If we could lose weight and be healthy through the two main components, diet and exercise alone, there would be no such thing as obesity. A third component, mindfulness, is essential to our health, mentally and physically.
Mindfulness is something I have been actively practising for only a short time. I discovered it during a rough period of my life when I suffered from postpartum anxiety after the birth of my youngest daughter. It quite literally saved my sanity.
Meditation is another term for mindfulness but tends to focus on a formal practice. Mindfulness is something that we can practice in every aspect and moment of our lives. It’s the practice of being aware of the present moment, of truly immersing ourselves in this moment and keeps us aware of our actions.
Have you ever mindlessly eaten one chip, then another, then another until you realize you’ve eaten the whole bag? Exactly. Being mindful makes you aware of the sensation (smell, feel and taste) of each chip. You will also be aware of how your body feels as you eat chip after chip prompting you to stop much earlier.
There is also the aspect of emotional eating. You are aware you are eating the entire bag but don’t care. You will regret it later. Emotional eating can be any form of mood: stress, depression, anxiety, even happiness. This is the hardest aspect to overcome when you are trying to control your eating habits. Mindfulness and regular formal meditation can truly help here. Its stops us backtracking into the “if onlys” and stops us from fast forwarding into the “what ifs”. And the more you practice, the more it becomes part of your life.
Jon Kabat-Zinn is a practitioner of mindfulness who has brought meditation into the modern age. His programs are recognized by the medical system as an alternative to drugs for a variety of mental health issues. Check out the Resources page for titles of books and audio options of his meditations.
Tara Brach is also a favourite of mine. Her teachings are easy to listen to, humorous and relevant. She also has a number of meditations available through CD or iTunes. Again, check the Resources page for my favourites.
elephantjournal.com is a well-known mindfulness website that is made up of contributing writers. You can sign up for a daily email that plonks a meaningful thought in your mailbox each day.
I leave you with a few tips to get started on a mindfulness practice:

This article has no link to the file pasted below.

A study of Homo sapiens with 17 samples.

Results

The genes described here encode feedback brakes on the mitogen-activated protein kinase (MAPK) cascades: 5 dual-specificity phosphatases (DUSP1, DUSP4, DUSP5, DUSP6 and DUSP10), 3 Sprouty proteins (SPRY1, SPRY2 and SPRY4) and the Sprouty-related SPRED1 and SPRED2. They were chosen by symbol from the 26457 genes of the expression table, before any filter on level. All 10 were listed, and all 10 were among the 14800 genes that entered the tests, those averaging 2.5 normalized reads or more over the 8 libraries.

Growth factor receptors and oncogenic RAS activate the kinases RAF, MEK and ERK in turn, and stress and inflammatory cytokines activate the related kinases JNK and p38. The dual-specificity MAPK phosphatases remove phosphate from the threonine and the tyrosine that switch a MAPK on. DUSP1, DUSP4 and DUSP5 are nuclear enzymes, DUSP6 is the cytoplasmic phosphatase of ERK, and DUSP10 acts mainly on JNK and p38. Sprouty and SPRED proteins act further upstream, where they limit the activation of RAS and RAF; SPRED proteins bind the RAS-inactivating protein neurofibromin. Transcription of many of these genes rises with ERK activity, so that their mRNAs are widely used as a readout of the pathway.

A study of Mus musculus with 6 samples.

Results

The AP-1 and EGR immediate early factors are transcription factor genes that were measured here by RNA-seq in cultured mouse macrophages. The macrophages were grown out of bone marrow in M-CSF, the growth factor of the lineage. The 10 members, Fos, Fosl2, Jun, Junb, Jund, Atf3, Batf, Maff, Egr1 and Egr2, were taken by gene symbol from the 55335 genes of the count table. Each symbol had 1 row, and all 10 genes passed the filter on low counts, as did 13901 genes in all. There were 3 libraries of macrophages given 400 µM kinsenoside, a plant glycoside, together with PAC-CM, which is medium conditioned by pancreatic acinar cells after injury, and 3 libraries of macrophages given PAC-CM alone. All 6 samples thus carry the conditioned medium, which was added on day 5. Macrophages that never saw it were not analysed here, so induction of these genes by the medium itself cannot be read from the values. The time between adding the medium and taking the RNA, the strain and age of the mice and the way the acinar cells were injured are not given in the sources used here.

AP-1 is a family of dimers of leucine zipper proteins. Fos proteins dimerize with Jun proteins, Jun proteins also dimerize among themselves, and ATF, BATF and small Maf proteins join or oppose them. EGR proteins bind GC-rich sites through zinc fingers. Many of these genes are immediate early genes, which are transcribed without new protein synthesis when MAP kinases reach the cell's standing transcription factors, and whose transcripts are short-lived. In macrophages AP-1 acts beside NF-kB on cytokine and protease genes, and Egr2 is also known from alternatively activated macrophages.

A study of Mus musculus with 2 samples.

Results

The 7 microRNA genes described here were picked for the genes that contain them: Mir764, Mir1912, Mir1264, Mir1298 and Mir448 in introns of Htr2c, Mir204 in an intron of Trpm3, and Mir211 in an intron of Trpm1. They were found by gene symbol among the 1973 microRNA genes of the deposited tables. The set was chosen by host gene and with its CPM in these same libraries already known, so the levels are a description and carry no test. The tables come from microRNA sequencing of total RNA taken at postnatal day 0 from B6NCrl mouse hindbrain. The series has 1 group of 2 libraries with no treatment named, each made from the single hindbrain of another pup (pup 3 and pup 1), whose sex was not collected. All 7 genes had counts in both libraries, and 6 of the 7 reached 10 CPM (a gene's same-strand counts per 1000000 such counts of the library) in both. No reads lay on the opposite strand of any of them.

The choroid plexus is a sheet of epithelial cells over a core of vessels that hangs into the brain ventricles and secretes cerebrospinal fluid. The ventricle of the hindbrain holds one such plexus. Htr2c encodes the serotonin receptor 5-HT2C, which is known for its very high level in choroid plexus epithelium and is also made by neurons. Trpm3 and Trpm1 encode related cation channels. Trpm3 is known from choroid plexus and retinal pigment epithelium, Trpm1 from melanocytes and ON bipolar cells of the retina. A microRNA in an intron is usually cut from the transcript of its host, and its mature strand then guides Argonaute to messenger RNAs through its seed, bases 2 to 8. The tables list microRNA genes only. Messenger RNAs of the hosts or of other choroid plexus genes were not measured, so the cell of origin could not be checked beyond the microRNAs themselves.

1. Start now. Feel the support of the surface you are sitting, standing or lying on. This is called grounding, being right here, right now.
2. Feel your breath. Don’t adjust it, just be aware of it. If possible, close your eyes and focus on it.
3. Engage in the activity you are doing right now. If you are on a computer, feel the keys hit the tips of your fingers. If you are on your phone, feel the phone, the weight of it, the texture of it in your hand. Next time you eat, practice this; notice the look, the feel, the texture of the food before you even put it in your mouth.
4. Remember you don’t need long to practice mindfulness. A 2 minute break just to breathe and take in your surroundings will go far. Even better, a 10 minute daily formal practice has proved to have a whole host of benefits. Anybody can fit this into their day.
5. There is no right or wrong way to “do” mindfulness. There is nothing to do, just be.
6. Set a timer on your phone at various points of the day. Each time the alarm goes, be aware of where you are, how you feel physically and what sort of mental state you are in. Stop for a moment and listen to your breathing. Consciously relax your muscles.
7. Join a mindfulness group. For example, St. Josephs’ Health Centre in Toronto holds weekly meetings that anybody is welcome to be part of it. It’s not affiliated with the hospital, it’s just held there. As meditation becomes more popular, there are more and more meetings opening up in all cities and towns.
8. Above all, remember; take it one day at a time.